US President Barack Obama reportedly refused calls by a top Democratic senator that he speak out publicly against a Palestinian statehood resolution at the United Nations.
A report in the Washington political journal Politico cited “White House officials and Senate aides,” who confirmed that Senate Minority Leader Harry Reid tried on two occasions to obtain such a public commitment from Obama, and was twice rebuffed by the president.
Reid was seeking Obama’s commitment on the Palestinian issue to help shore up Democratic support for the Iran deal, which was opposed vehemently by Israeli leaders.
Obama’s refusal, the report said, “highlights how wide the gulf between the Obama administration and Israeli government has become.” The rebuff “unfolded in the context of a personal relationship between Obama and Netanyahu that’s become highly toxic, poisoning US-Israeli relations more widely.”
The US has long supported Israel’s position at the UN that Palestinian statehood could only be achieved through direct talks with Israel, rather than the unilateral strategy of turning to international organizations adopted in recent years by Palestinian Authority President Mahmoud Abbas.
If the US, at least for the duration of the Obama presidency, which ends January 2017, is pulling back from that commitment, it may signal a shift in that American backing that has ensured no Palestinian effort could make meaningful headway at the UN in the past.
The White House was especially incensed when Netanyahu appeared to say during his reelection campaign in March that a Palestinian state would not come into being “on my watch.” Netanyahu partially retracted the remarks after the election, but Obama administration officials said in the wake of the comment that, in Politico’s words, “it was reassessing its position on blocking a Security Council resolution.”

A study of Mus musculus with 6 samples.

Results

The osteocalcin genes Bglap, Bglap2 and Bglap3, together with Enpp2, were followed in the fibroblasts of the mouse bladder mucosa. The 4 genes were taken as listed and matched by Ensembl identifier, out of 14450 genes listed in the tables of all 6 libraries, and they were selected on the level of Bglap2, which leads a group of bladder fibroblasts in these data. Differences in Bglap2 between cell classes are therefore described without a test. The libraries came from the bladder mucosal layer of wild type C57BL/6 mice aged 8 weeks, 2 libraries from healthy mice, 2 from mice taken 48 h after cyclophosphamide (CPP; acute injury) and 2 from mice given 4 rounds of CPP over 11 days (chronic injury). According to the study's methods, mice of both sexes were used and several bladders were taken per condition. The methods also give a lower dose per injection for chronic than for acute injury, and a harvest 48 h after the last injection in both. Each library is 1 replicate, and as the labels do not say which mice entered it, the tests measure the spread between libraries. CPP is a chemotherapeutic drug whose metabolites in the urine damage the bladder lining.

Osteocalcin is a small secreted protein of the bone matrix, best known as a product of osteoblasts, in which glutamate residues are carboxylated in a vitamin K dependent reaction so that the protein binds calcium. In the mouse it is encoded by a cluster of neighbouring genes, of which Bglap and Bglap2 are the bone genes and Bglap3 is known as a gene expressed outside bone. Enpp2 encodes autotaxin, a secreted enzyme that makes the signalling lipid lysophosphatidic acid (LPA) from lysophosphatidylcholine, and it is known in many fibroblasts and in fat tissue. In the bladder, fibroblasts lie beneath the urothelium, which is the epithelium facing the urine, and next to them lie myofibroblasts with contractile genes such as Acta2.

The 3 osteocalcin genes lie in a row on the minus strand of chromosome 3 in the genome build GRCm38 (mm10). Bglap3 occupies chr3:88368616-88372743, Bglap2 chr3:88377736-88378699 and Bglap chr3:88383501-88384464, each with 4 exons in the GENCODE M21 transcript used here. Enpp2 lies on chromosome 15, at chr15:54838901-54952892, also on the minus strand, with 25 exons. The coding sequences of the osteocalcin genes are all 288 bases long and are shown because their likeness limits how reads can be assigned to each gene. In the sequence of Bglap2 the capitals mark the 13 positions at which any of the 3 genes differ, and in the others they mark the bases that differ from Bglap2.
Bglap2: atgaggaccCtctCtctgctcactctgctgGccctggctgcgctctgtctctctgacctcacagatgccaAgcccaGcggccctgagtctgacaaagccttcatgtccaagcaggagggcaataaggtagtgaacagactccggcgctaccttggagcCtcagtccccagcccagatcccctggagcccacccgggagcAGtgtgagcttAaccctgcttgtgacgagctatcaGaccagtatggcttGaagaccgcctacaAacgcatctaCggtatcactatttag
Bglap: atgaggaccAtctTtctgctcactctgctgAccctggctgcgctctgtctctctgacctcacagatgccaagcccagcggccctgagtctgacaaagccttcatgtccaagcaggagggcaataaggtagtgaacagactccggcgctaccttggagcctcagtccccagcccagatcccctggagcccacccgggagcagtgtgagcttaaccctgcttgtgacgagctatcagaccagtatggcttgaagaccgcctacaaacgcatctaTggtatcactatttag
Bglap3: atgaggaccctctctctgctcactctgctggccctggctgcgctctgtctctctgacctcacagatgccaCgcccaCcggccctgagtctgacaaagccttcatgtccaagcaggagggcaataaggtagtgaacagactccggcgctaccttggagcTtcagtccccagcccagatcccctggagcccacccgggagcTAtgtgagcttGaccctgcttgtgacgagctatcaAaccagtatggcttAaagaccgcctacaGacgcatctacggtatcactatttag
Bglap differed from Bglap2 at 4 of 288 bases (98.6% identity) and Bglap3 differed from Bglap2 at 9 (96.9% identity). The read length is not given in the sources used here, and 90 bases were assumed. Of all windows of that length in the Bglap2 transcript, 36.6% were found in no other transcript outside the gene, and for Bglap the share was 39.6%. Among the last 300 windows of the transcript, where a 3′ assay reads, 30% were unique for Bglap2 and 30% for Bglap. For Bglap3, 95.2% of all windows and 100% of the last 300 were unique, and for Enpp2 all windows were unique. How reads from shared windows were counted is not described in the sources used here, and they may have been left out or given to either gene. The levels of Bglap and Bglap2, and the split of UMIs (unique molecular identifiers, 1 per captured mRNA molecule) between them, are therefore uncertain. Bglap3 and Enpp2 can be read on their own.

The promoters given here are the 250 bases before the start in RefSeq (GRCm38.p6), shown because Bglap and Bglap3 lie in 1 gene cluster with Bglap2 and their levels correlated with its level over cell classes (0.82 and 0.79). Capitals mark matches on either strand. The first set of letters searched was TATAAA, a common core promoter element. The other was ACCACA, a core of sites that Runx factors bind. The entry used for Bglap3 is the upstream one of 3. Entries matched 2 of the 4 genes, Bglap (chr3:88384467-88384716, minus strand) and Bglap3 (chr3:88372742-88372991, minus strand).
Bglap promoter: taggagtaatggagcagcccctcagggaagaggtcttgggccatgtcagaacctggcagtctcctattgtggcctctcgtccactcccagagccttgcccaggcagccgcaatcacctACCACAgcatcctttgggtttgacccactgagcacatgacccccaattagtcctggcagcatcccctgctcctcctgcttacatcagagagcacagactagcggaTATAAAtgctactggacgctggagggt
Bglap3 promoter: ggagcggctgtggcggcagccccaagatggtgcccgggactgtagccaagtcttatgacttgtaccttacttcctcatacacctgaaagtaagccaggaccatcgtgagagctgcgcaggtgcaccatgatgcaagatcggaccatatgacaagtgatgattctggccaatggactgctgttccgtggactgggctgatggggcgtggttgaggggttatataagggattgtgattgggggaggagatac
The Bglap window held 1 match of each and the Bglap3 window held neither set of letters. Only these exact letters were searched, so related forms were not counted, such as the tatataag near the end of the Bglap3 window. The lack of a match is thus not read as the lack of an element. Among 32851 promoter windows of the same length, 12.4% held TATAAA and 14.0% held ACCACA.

On March 19, two days after the election, White House spokesman Josh Earnest said, “Steps that the United States has taken at the United Nations had been predicated on this idea that the two-state solution is the best outcome. Now our ally in these talks has said that they are no longer committed to that solution. That means we need to reevaluate our position in this matter.”
According to the report, Reid approached White House chief of staff Dennis McDonough after Earnest’s March comments and urged that the White House retract its threat.
McDonough told Reid, who is among Obama’s closest allies in Congress, that the administration would “look into it,” but did not publicly retract its statement.
That was the first appeal from Reid to be rebuffed. The second came during the fight over the Iran nuclear deal in Congress in recent months, when Reid hoped a declaration of support for Israel could help calm Democrats worried that their support for the deal could paint them as anti-Israel.
“McDonough didn’t quite say no to Reid,” the report said. “He essentially said not yet. But the answer essentially boiled down to no. The White House said it was opposed to the Palestinians going the UN route, but that Obama wouldn’t make a public declaration himself.”
White House sources told Politico that Obama’s decision not to publicize the administration’s position on a Palestinian UN resolution “isn’t meant to exert leverage over Netanyahu, as something to trade to get him back to the negotiating table with the Palestinians,” nor “are they holding out on a presidential declaration to preserve a future olive branch to improve a relationship between Washington and Jerusalem.”
“The United States has long been, is today, and will remain committed to achieving the peace that Palestinians and Israelis deserve: two states for two peoples, with a sovereign, viable and independent Palestinian state living side-by-side in peace and security with a Jewish and democratic Israel,” National Security Council spokesman Ned Price explained. “We continue to believe that Palestinian efforts to pursue endorsements of statehood claims through the UN system outside of a negotiated settlement are counterproductive.”